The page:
UNDATED - A few Utah schools have been in the hot seat recently for refusing to serve lunch to students who have insufficient funds in the lunch accounts.  But, a new report indicates many schools in Minnesota have the same policy.

A recent survey by the Mid-Minnesota Legal Aid reports 15 percent of the school districts in Minnesota have policies to refuse to serve lunch to students who can't pay for it.  The Sauk Rapids-Rice School District is one of 46 districts who have this policy.

About half the districts in the state offer alternatives like peanut butter sandwiches to students who can't pay for a 40-cent reduced price lunch.  The St. Cloud Area School District, Sartell-St. Stephen, and ROCORI are among the 166 districts who have this policy.

Meanwhile, 97 districts say they always provide a full menu to students, even if they can't pay for it.

The Associated Press reports Minnesota Education Commissioner Brenda Cassellius is calling the report "troubling." She's urging schools to make sure kids are never turned away from a hot meal.

Gov. Mark Dayton says the state should provide additional funding to ensure all Minnesota schoolchildren have access to lunch after a report found some districts deny it.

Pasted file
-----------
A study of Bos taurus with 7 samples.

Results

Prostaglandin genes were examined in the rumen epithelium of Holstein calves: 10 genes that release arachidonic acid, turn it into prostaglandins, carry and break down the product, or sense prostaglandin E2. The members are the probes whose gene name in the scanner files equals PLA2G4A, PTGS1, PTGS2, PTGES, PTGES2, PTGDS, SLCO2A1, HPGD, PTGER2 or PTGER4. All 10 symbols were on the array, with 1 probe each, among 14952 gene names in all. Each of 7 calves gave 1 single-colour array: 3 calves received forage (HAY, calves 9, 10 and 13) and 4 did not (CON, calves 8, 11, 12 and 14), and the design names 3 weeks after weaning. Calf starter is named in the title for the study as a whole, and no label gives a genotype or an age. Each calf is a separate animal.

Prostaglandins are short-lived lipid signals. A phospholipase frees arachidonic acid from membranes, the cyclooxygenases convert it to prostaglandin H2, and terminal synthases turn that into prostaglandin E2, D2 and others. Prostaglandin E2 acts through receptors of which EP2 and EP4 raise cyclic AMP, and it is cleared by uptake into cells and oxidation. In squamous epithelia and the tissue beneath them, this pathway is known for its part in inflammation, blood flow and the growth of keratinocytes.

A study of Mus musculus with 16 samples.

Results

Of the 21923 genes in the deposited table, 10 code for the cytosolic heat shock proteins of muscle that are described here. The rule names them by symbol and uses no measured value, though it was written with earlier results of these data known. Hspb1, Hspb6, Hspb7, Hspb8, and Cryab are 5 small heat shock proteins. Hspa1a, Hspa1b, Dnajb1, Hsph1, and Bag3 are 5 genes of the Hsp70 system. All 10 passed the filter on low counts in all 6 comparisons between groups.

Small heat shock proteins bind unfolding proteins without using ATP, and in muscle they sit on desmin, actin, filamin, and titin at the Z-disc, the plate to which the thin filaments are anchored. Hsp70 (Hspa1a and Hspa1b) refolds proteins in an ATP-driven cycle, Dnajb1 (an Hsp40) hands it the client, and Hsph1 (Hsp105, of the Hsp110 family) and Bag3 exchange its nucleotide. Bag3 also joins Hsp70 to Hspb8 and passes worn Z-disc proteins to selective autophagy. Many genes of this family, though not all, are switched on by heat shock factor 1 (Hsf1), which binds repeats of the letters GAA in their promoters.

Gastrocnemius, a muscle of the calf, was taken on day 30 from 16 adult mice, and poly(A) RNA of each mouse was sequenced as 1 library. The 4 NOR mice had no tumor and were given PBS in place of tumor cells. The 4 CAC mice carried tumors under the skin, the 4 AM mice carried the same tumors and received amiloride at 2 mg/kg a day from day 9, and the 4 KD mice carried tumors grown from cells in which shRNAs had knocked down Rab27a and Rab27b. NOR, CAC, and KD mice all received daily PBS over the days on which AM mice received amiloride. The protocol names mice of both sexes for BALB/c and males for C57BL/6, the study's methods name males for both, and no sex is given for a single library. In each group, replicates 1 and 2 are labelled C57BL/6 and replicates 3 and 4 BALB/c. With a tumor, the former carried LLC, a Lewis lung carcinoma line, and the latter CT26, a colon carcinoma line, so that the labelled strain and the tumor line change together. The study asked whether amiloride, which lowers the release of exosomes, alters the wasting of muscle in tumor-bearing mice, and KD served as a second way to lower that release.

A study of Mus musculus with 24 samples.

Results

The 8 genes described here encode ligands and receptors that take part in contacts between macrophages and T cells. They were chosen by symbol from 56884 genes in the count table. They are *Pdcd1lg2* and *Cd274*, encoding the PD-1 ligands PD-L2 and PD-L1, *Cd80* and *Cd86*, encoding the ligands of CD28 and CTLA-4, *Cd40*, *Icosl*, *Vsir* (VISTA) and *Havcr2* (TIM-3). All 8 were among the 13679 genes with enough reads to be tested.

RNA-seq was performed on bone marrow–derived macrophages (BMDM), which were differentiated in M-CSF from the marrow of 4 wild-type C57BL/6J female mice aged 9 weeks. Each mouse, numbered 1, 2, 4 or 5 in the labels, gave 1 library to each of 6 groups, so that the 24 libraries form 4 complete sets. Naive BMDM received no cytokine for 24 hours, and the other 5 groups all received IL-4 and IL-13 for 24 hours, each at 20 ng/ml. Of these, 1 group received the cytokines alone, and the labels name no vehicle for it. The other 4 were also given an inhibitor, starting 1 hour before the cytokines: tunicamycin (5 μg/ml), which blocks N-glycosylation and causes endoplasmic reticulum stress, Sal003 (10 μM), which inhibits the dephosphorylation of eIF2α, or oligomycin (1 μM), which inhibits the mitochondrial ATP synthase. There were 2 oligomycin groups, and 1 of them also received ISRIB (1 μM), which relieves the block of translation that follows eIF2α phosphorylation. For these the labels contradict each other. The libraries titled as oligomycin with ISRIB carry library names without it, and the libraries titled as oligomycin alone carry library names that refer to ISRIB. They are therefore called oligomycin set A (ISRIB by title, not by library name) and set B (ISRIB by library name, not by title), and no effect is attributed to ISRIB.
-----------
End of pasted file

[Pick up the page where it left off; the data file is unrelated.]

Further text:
Dayton says he will propose spending $3.5 million to help districts cover lunch costs for students who can't pay. In addition, his education commissioner has urged districts to take steps necessary in order to make sure all students receive a lunch.

Dayton says no Minnesota student should be blocked from having a healthy lunch.

About 62,000 low-income children and teens are in Minnesota's reduced-price lunch program. That means they can get a hot, nutritious lunch for 40 cents, with the rest covered by public funds.

A total of 309 school districts in Minnesota responded to the 2013 request by Mid-Minnesota Legal Aid for data regarding their school lunch policies for low income kids.  21 districts did not respond.